Just when the job reaches peak stress, the children remind me of why this job is fun. Today, at lunch, I recieved a small box containing the last of the items from my last Donor’s Choose project. I knew it contained playground balls and we were headed outside after lunch. Three students volunteered to help me go to the gym to ask a PE teacher to help us inflate them.
Three of the reasons I love coming to work each day.
In a teachers’ lounge.
At my school!
It’s so weird; I haven’t seen either since I was a high school student. And that was a loooong time ago.
I knew they were putting the copier machines in the same space along with other teacher workroom tools for this side of campus, but I hadn’t realized they’d put a couch in here too. A large, expansive, L-shaped couch. And while I’m not on this side of campus daily, I’ve never seen anyone in here. Probably because when I’m over on this side, it’s during my planning and all the teachers over here are teaching, and the 6th-grade teachers usually use the copier on our side of campus.
I sat down and took this selfie and then got up to run an afterschool club. I wonder who sits in here? Maybe we should have math meetings on this couch and crank up that popcorn machine.
I feel at once like I’ve been working too much for how little of the year is gone and like I’ve got too much to do with how little of the quarter is left.
Too much, but how do I do less? I need to find a better line that says, this is enough for now. This is all I can give at this time. I can polish the stone a little more tomorrow, next week, next year. For today, this is all. And it is enough.
I used another task, Rope Jumper, from Graham Fletcher. My students love this one each year. I like how the ratio stopped on is “not easy” 41:7, so the students can get close with some easy multiples, but they have to use another method to figure out those last 2 seconds. Some of them estimate, some figure out the rate of jumps per second. Some round the rate to an easier number.
I think it’s funny that every class wonders if she’s a robot. And then when we watch Act 3, they’re disappointed she doesn’t quite make it to their expected values. Because she is a human and slows down as she gets tired!
Here’s the board after I noted their wonderings and then later jotted down their strategies.
At our after school club, Make Stuff, preparations are underway to host a Cardboard Challenge inspired by Caine’s Arcade and the Imagination Foundation. The students made a lot of progress, and I think we’ll be able to start promoting by the end of the week. I’m excited about this Challenge!
Yesterday my room for tutoring at the after-school program was changed. I am now teaching in the same room I student taught in more than a decade ago. I thought of my mentor teacher and how much I learned in that very room.
Today, my mentor teacher, Mrs. Debra Maxwell, retired after teaching since 1977. I am so grateful to Mrs. Maxwell who helped me find my “teacher voice” and who gave me such confidence in my ability as a teacher.
Thank you, Mrs. Maxwell! I love you! Thank you for helping me when I was new. When I am discouraged, I remember your passion. Your commitment to the students, your willingness to try new things and to always do what’s best for students in inspiring and I’m so grateful I got to learn how to be a teacher by watching and learning from you!
I love DonorsChoose.org. I’ve had several projects funded through them, and I just had another project fully funded last night! I was excited to tell my students about it funding today and that we’ve got seven more active core chairs for our classroom on the way. The partner funding offered through DonorsChoose has been an amazing way for my classroom to be supplied with the things I need and most of the things I want!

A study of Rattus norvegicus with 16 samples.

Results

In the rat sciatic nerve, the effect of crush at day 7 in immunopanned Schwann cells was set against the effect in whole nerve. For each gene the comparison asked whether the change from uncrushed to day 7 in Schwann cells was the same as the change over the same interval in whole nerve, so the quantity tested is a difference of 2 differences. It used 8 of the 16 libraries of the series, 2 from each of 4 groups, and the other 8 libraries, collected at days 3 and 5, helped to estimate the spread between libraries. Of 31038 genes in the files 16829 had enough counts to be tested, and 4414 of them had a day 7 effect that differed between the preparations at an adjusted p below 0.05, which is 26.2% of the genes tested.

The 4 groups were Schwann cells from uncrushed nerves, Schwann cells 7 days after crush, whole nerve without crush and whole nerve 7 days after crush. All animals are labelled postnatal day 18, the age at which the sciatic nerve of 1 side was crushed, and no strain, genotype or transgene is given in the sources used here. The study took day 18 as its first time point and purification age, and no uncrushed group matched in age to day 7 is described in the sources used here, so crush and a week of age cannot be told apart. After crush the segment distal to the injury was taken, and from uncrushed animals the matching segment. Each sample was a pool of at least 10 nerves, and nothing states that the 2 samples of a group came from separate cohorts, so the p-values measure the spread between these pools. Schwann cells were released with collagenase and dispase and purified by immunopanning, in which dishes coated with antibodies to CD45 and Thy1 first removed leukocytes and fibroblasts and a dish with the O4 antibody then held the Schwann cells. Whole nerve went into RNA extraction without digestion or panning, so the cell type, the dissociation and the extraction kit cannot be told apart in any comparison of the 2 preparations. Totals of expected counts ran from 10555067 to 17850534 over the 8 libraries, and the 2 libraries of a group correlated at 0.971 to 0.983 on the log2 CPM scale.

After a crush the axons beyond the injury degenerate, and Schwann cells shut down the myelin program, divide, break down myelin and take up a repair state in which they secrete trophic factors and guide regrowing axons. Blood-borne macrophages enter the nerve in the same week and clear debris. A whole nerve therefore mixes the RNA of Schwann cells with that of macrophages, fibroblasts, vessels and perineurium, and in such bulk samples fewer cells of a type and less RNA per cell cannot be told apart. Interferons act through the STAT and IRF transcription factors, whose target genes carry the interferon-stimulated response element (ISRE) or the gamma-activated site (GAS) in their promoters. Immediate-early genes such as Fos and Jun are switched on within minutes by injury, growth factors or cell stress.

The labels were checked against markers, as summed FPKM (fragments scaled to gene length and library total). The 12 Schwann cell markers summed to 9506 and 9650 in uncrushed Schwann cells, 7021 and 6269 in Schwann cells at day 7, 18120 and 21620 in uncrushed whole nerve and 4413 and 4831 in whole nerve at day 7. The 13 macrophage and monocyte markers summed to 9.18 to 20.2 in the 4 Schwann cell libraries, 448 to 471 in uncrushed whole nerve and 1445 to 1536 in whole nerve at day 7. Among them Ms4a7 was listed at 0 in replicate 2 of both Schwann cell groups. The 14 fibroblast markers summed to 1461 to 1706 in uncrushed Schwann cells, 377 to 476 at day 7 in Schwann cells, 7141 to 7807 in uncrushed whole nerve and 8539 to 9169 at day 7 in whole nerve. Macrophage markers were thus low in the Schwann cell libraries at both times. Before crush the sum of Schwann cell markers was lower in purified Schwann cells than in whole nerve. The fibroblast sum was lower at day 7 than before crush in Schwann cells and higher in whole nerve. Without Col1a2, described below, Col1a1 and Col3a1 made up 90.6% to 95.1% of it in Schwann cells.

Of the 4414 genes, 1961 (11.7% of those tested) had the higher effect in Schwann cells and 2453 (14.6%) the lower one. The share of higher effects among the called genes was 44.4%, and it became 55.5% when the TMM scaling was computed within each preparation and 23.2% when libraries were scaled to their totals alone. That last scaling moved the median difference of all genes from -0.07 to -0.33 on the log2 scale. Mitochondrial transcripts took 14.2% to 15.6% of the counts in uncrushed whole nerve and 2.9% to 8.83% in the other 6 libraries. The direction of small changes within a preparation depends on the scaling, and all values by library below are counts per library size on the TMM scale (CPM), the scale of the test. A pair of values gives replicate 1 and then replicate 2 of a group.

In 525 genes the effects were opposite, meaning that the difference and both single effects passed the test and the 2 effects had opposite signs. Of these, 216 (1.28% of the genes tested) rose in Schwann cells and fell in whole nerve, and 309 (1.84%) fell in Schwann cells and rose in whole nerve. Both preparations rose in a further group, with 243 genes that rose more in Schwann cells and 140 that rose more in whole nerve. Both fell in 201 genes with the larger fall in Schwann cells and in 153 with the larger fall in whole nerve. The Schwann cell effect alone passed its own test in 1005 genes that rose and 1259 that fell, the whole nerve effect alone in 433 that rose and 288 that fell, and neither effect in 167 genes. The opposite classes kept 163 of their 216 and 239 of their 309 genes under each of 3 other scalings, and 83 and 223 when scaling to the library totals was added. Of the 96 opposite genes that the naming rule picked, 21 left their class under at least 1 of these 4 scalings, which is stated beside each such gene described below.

We had a 300% increase in attendance this year. The teachers still outnumbered the parents, but it’s moving in the desired direction.
Four contents presented and all parent questions answered and the meeting ended 30 minutes after it started. I’ll count that as success at the end of a long day.
Things I’m excited about…
- The increased quality of thinking shown on the collaborative problems students turned in today. These are improving so much and I’m encouraged to keep working on things like this!
- Demos Activity Builder
- Genius Hour
I was inspired by this post I read the other day about numberless word problems. I want to try it out with my middle schoolers, but until I find the time to do that, I thought I’d jump in and try it out with my fifth-graders in after school. It was highly engaging for them. I split my 10 students into two groups (I was the last teacher in picking up tech, which meant I didn’t have enough for my whole group). With two groups, I could just switch them out so all the students could get some time in on the program they have to use each day. The other students and I talked about the word problems. I started off by asking them what they thought the question was and then asking them what the answers to those questions could be. This gave us some great opportunities to think about what the words “several”, “many”, “some”, “couple” and “few” meant and in one group we thought carefully about the working through a problem backwards given one piece of information and still making sure the other parts would be reasonable and realistic.
This gave me some great thoughts for when I do this with the sixth-graders.
This year, lunch seems to be when we switch off learning. Before lunch, I’m on my game, things are working, students are working, progress is being made. After lunch, it can feel like we hit a brick wall and we start a slow slide in thinking and it’s a game of “how little can we do while we wait for the time to run out?”
Maybe it was just a particularly rough day or a crazy fourth period. It felt tougher than normal.
Regroup, rest and revisit the content tomorrow.